I’ve been waiting 20+ years to make these cookies. Sounds crazy uh? Well let me explain.
In the early 90s I had an amazing Appalachian Studies class in college. As part of the course each student had to do some sort of project related to Appalachia and present it to the class. With Paul’s help, I did mine on The Louvin Brothers. I remember one guy did his on the Cherokee Indians and as you can imagine more than one person did their project on the traditional foods of Appalachia.
One girl handed out recipes during her presentation. I don’t remember her name nor what she looked like nor even what the rest of her project was about, but apparently she impressed me in some way because I’ve kept her recipes all these years…even though I never actually made them.
Her recipe states:
“This is a family recipe that came from my Great Aunt Bess Shannon. She served us youngs these punkin cookies ever Halloween when we went trick or treatin at her house.”
Miss Cindy found me a monstrous candy roaster at a local market and when I was putting it up I thought I’d like to make something sweet with some of it. I thumbed through my recipe book and found Aunt Bess’s Punkin Cookies and decided to give them a try.
Aunt Bess’s Punkin Cookies
- 1/3 cup shortening
- 1 1/3 cup sugar
- 2 eggs
- 1 cup cooked punkin (Candy Roaster!)
- 1 teaspoon vanilla
- 1 teaspoon lemon juice
- 1 teaspoon grated lemon rind
- 1/4 teaspoon ginger
- 1/4 teaspoon allspice
- 1 teaspoon nutmeg
- 1 teaspoon cinnamon
- 1 cup raisins
- 1/2 cup chopped nuts (I used pecans but want to use black walnuts!)
- 2 1/2 cup self rising flour
Now that I’ve explained where the recipe came from I bet you’re wondering why I’m calling the recipe a Candy Roaster Cookie when she clearly states it is a Pumpkin (punkin) cookie.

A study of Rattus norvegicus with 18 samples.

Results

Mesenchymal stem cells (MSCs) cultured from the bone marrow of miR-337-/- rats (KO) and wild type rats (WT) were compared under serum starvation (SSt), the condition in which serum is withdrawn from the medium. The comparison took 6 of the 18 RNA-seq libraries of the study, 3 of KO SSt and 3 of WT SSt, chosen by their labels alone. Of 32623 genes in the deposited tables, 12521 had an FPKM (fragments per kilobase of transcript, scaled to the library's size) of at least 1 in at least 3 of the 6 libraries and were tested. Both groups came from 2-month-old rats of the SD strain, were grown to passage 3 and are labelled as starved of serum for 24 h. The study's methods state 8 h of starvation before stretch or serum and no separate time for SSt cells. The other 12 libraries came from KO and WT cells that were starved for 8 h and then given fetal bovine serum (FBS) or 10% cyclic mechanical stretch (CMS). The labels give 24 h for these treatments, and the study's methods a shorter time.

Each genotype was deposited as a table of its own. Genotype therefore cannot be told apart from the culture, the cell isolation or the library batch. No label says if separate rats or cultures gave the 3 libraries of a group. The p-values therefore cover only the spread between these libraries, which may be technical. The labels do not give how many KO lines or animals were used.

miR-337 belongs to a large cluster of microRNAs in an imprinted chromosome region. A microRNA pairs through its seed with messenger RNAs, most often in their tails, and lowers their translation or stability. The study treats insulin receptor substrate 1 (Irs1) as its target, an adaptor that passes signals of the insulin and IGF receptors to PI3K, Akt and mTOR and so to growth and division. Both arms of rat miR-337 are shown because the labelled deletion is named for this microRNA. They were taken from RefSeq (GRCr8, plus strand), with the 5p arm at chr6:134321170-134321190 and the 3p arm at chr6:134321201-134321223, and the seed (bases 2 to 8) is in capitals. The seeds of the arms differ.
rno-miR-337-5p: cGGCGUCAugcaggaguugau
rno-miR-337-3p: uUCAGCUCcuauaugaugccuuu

I’ll tell you the honest truth I’ve become a candy roaster snob. After tasting my first candy roaster in years last fall, I’ve decided my taste buds would rather have a candy roaster any day of the week over a pumpkin. I’m even going to make my Thanksgiving pumpkin pies out of candy roaster and never tell a soul-well except for you.
Back to the cookies:
Cream shortening and sugar; add eggs one at a time and mix well after each.
Add candy roaster or pumpkin, vanilla, lemon zest, lemon juice, ginger, allspice, nutmeg, and cinnamon-mix well.
Add raisins and nuts mix well.
Add flour and mix until combined. Drop onto a greased cookie sheet and bake at 400 degrees for 10-15 minutes until golden brown. The cookies spread as they cook so keep that in mind. I used a tablespoon to drop my cookies and ended up with cookies on the large side.
These cookies are so good, every bite is like a taste of fall. I might have kept the recipe for 20 years before using it, but I’ve already made the cookies 3 times since the first time. They are just that good.
And while I’ve admitted I’m a candy roaster snob, I do think these cookies would be good with pumpkin too.